As an athlete you have learned some really valuable skills from playing sports. You have regular experience in high pressure situations where you have to make quick decisions and perform. You can take constructive criticism and thrive on feedback from coaches to get better. You have to put in work outside of practice and outside of the game to constantly improve. You understand how to work as a team, how to effectively communicate and how to work together to reach a goal.
These things, on top of your time management, competitive mindset and determination to succeed will propel you forward in all of your future endeavors. The thing you need to understand is how to translate these skills beyond the sports world and into the rest of your life.
Learn a New Language
Many times the biggest adjustment you need to make as an athlete is to just learn the new language of business or your chosen field outside of sports. You need to connect the dots for prospective employers. Being named MVP means a lot for those familiar with your sport, but you can’t bank on the fact that the person interviewing you for a job will get it.
Instead, change things up. “I was one of the top producers on my basketball team this season. I scored more points on average per game than any other player and I didn’t miss a game this season. I was awarded the team’s Most Valuable Player for my hard work.” The details you are giving here shows the work you did and the results that you produced to earn that MVP title.
Focusing on results is key to successfully communicating your experience as an athlete to prospective employers. Highlight your abilities by valuing them with figures. “I had to be a diligent time manager because I not only earned MVP and played in every basketball game this season, but I also earned a 3.5 GPA while I worked towards my Economics degree.” Again, you are not just throwing time management out there as a skill, but highlighting the results you achieved because of that skill.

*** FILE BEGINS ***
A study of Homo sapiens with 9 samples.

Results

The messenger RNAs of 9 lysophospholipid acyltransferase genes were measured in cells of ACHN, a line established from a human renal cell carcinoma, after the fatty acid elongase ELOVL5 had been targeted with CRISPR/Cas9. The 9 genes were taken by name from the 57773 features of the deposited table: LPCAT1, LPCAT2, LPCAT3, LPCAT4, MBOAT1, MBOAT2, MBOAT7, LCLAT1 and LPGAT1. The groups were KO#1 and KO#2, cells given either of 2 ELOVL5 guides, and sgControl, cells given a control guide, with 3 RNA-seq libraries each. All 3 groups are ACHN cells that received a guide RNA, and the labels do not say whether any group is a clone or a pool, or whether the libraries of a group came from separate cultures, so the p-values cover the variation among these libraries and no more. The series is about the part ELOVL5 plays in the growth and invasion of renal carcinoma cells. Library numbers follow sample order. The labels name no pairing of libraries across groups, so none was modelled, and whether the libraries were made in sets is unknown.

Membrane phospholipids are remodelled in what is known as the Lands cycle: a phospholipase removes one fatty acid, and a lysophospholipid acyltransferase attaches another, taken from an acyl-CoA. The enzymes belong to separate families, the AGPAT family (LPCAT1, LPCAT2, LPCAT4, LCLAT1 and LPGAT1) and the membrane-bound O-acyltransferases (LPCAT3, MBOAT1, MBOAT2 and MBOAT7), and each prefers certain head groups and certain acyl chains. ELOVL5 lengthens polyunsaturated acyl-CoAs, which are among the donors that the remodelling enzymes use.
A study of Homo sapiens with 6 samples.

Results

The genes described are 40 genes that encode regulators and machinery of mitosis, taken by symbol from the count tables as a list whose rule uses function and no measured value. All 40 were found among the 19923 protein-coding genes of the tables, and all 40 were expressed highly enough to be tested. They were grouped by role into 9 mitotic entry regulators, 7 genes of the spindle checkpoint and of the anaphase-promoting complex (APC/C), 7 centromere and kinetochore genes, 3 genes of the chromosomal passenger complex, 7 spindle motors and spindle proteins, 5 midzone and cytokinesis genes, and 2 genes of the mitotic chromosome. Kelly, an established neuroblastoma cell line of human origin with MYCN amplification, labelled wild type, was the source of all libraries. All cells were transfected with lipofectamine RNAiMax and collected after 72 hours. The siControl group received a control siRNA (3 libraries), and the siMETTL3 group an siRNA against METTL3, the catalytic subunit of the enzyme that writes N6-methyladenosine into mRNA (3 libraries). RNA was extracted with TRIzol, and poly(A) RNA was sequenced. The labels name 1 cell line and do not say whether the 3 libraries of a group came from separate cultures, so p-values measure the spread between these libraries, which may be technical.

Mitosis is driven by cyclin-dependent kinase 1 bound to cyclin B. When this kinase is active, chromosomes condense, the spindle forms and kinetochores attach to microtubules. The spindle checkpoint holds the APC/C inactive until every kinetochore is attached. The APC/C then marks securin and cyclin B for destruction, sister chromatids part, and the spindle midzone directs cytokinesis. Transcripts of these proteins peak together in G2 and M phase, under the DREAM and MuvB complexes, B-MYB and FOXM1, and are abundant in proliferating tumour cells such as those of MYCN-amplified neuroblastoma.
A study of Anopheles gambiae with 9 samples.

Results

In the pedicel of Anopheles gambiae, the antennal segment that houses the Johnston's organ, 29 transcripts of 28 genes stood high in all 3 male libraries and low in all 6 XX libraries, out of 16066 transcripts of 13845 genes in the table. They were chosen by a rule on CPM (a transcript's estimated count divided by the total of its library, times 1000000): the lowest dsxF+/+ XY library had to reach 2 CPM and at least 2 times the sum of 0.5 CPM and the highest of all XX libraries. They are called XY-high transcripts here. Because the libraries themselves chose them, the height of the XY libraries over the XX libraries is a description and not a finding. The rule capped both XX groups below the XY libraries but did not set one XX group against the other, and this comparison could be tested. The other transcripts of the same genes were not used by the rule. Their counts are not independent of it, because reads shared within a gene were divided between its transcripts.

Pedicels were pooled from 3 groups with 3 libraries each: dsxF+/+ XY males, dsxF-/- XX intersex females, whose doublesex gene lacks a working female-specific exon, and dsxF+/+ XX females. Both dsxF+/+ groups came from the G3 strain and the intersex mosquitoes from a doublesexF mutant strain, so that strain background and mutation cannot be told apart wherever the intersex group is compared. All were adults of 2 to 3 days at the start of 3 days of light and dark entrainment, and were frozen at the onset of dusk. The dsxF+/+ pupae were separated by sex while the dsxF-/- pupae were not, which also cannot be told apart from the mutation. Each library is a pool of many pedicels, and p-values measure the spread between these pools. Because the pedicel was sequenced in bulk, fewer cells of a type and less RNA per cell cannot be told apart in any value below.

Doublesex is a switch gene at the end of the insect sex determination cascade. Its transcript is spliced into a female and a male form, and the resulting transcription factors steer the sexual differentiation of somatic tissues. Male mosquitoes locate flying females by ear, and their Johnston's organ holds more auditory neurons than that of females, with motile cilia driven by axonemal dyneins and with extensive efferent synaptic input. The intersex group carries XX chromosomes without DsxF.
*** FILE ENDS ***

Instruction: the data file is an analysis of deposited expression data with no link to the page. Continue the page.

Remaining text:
Put in the Same Hard Work
Anyone who says that getting a job is easy is just plain lucky- for many people finding a job is a full time job. Don’t get discouraged - you will have to put the time in, just as you did for your game. If you are taking a leap into a new field, show that you are willing to put in that same hard work and effort you put into your sports career.
You can make sure you stand out by attempting to gain experience in your desired field or position. If you have the time and the capacity, take advantage of internships and job shadow opportunities. Or volunteer for a nonprofit organization or association who may need assistance in that area. Network and connect with people in positions that you hope to be in one day and find out what they like about the work, what they don’t like, and what their journey has been. Any and all of these things show potential organizations that you are serious about being an asset and continuing to grow.
You are more prepared for life after sports than you think. Take some time to highlight your achievements, list the soft skills you’ve mastered, and focus on the results you’ve created from those skills. The game may be over, but you’re just getting started.